The rise of microgrids, while not inevitable, is a natural next step in the progression of smart grid technology. As automation, data collection and transport, and monitoring capabilities have grown into standard smart grid technologies, companies, military bases, small towns and even cities are tapping into the possibilities for self-sustaining microgrids.
What are Microgrids?
Microgrids are, essentially, self-contained local energy grids. In most instances, they are attached to the greater grid (macrogrid), but can disconnect if necessary for autonomous operation. In other scenarios, they are local grids powered by alternative energy means. For instance, according to a 2014 article from Navigant Research, Alaska leads the world in microgrid deployment due to the small communities that rely almost exclusively on local energy – in some cases, 100 percent renewable energy.
The viability of these kinds of energy distribution networks was not always apparent. For years, the United States has relied on a connected grid system that could be prone to huge shutdowns or security risks. As the technology has improved, microgrids that can disconnect from the macrogrid and function autonomously have opened huge possibilities for smart cities, the Industrial Internet of Things (IIoT), and more.
Smart Cities Powered by Microgrids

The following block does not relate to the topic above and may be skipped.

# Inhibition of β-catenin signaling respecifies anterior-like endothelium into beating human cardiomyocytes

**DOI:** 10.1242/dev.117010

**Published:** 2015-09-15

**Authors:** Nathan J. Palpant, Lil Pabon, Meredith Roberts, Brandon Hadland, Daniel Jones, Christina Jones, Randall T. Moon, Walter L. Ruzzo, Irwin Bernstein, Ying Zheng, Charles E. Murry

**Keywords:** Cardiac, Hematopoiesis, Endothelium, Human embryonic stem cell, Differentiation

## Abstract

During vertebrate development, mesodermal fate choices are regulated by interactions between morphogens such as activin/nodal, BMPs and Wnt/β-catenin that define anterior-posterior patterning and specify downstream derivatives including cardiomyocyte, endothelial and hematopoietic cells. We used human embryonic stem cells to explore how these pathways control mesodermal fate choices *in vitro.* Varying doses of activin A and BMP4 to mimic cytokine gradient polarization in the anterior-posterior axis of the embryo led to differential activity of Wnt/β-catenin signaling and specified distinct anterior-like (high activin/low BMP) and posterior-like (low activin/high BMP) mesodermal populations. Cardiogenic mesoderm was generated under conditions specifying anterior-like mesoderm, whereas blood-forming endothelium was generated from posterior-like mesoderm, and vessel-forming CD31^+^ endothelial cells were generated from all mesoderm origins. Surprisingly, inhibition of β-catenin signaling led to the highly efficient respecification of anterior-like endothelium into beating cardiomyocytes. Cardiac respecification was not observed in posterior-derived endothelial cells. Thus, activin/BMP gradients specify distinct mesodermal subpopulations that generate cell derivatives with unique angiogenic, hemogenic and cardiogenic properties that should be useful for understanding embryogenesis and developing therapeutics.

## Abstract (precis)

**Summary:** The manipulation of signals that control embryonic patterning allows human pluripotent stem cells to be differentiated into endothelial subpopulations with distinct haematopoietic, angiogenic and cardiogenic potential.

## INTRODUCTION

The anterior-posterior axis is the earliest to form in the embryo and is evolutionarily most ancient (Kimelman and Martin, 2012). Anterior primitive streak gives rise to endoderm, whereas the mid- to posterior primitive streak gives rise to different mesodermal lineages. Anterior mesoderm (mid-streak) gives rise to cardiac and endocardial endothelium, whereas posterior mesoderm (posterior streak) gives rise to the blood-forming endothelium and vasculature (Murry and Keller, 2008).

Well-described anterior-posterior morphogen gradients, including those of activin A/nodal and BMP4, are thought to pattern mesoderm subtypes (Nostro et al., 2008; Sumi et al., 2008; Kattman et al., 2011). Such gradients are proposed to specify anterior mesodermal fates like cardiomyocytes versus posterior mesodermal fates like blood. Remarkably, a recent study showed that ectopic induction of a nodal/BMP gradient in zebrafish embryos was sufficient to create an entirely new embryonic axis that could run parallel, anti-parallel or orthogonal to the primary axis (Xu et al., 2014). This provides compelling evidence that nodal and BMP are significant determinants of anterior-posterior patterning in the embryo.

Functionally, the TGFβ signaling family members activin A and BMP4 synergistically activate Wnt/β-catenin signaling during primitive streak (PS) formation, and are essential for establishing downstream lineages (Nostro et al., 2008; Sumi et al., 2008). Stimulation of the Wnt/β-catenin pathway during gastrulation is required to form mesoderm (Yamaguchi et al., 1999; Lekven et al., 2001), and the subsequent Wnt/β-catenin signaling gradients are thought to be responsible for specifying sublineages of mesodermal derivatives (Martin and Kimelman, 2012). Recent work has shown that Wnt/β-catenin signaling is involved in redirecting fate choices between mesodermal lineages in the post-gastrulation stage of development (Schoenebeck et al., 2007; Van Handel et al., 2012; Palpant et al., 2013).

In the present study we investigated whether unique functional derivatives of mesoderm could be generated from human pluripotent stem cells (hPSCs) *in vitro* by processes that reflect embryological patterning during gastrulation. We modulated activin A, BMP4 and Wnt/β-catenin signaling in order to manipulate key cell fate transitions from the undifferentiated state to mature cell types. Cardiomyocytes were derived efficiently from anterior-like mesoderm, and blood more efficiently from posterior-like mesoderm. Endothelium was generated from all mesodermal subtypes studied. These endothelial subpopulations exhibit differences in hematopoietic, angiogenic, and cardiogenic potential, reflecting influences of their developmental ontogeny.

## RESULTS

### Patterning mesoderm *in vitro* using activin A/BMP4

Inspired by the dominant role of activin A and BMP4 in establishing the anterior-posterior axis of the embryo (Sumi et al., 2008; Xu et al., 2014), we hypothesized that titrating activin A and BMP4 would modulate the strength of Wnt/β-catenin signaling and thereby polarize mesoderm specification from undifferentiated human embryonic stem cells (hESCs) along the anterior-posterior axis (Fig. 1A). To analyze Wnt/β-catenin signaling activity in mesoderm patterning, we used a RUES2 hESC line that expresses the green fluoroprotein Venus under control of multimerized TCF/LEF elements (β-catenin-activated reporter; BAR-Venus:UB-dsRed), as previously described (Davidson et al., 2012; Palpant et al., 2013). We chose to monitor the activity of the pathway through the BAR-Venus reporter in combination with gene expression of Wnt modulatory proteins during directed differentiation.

Smart cities rely strongly on the backbone of wireless technology. Imagine a scenario in which a city’s electricity grid went down, killing the wireless networks and effectively bringing any connected technology to a grinding halt. It could mean the shutdown of public transit, water and wastewater treatment facilities, electricity, vehicles, stoplights – the list can go on. Any IoT or IIoT systems would shut down.
However, with a smart city set up with a microgrid concept, if a part of the macrogrid went down, microgrids could disconnect and allow normal functionality without service shutdowns. If hackers or other security concerns hit the macrogrid, microgrids can disconnect and protect the system from further threat. And, in many cases, microgrid technology is driving the rise of alternative energy and energy independence.
Renewable Energy and Microgrids
One of the main problems facing renewable energy has always been storage. How can renewable energy sources create excess energy and store that energy for future use in case of macrogrid failure? What cities and small towns are finding out is that by building a renewable energy system connected to a microgrid, they can effectively develop net-zero communities that don’t have to rely on energy storage in the instance of macrogrid failure. As these technologies have matured and become implemented in different use-case examples, the possibility for more intricate and complex systems is apparent.
As the IIoT continues to adopt microgrid technologies and practices, industry practices will mature, creating greater efficiency both operationally and with regard to energy usage and distribution. The future of smart cities and a stronger connected infrastructure could be poised to accelerate along with the growth of microgrid applications.